Tom Riglar


If you’re building an app to run on Apple’s iOS and you want to collect data from your users, you’ll need to make sure it complies with their App Tracking Transparency framework. There’s no way around that.

Sounds pretty clear-cut, right? But what exactly does that mean, and what impact will it have on you getting the data you need for your business?

What is Apple’s app tracking framework?

Before we get into what the implications are for your business, we need to back up a bit and talk about why we’re asking the question to begin it. So bear with us, we’ll try not to get too technical.

Before, apps could track data using an IDFA, or Identifier for Advertisers. IDFAs are basically like cookies but for your phone’s operating system, and they allow companies to track things like app usage and where installations come from.

That’s great news for brands who need to create specific advertising profiles for their customers. But it’s not so hot for users worried about third-party companies seeing everything they do on their phone.

That’s why Apple has been phasing out IDFAs and replacing them with their new SK Ad Network. Now, iOS users will have to actively consent to having their phone data tracked. And not many of them are - currently only around 39% of users are saying yes, and we don’t think that number is going to go up any time soon.

What does that mean for my app?

Obviously, greater privacy and trust for users is always a good thing. But there’s no denying it also makes things more difficult for businesses that depend on data collection.

By far the biggest implication is on tracking attribution. Knowing what triggers your users’ app downloads is essential to figuring out where to direct your advertising budget. But SK Ad Network only provides high-level data, not specifics, so it can’t tell you if you’re getting more from your Facebook or Instagram campaign. That means you’ll have to rely on broadstroke assumptions instead.

And of course, then there’s the effect on targeted ads. Without the depth of data an IDFA can provide, you’re going to struggle to build up the kind of accurate advertising profiles we’re used to seeing. A lot of brands have come to rely on targeted ads thanks to all that data making them so effective, so unless they can adapt to a new way of working, they might be left out in the cold.

Just to be clear, the end of IDFAs doesn’t mean you won’t have any data to work with at all. You can still get plenty from within your app, like tracking what buttons users are pressing or what pages they’re visiting, so you can still use that to determine future iterations.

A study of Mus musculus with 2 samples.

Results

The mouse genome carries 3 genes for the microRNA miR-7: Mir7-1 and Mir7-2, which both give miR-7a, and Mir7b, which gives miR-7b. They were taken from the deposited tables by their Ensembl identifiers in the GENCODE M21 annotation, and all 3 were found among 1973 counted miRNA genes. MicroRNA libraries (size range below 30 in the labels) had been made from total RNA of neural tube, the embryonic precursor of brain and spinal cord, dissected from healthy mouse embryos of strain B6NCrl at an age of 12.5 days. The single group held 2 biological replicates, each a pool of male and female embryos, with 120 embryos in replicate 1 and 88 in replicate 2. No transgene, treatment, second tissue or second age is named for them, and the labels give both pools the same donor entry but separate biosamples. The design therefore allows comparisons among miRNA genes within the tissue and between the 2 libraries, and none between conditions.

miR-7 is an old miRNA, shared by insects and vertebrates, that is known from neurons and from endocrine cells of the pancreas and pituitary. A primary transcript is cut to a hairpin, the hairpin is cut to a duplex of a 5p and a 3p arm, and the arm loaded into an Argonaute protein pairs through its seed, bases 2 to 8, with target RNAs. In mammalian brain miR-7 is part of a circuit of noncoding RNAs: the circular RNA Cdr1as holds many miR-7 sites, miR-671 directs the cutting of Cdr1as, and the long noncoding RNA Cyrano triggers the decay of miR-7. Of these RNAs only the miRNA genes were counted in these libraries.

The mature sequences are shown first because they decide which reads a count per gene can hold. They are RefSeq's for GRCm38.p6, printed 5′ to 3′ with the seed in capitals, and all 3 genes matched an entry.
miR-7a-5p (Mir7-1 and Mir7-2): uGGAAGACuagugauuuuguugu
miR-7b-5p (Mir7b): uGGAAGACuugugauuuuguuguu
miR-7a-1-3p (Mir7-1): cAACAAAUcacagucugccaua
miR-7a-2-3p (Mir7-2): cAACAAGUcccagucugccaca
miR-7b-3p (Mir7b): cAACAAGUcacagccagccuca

But anything outside your domain like data from the operating system is out of reach, so you aren’t always getting the data you need as a startup.

So, what’s the answer?

Losing access to IDFA tracking is a pain, but it’s not necessarily the end of the world for your app. To begin with, IDFAs have only been dropped by Apple so far. Android’s equivalent (AAID) is still in use so you’ve still got access to that data from over half the devices on the market.

For iOS devices, there are workarounds as well like AppsFlyer and Branch. Instead of getting exact attribution from a device’s unique ID, they’ll use machine learning to match up click impressions from ads with when your app is launched on a device for the first time to get a probability-based estimate of which ads are prompting installs.

The results won’t be as dead-on as if they came from an IDFA. But they’re pretty close - AppsFlyer claim their probability modelling has an accuracy rate of 92%.

The flip side to these solutions is that implementing them does make things trickier. If you want to take advantage of the AAID support on Android, you’re going to need platform-specific code so your app can do it while complying with Apple’s framework on iOS.

Not only that, but when you’re setting up a service like AppsFlyer or Branch along with the APIs to talk to both Android and iOS frameworks, it can get pretty complex, pretty fast. It’s almost always best to get someone who’s been through the process before. That way, you can be sure you’re getting the right data without having to wrap your head around the painful tech behind it.

The privacy movement is still going strong, so measures to restrict tracking probably won’t stop with IDFAs. Brands need to get on board, understand the implications and ask how they can get the data they really need without compromising on their users’ privacy.

To see how Morrow can help you navigate attribution and app tracking solutions, don’t hesitate to get in touch.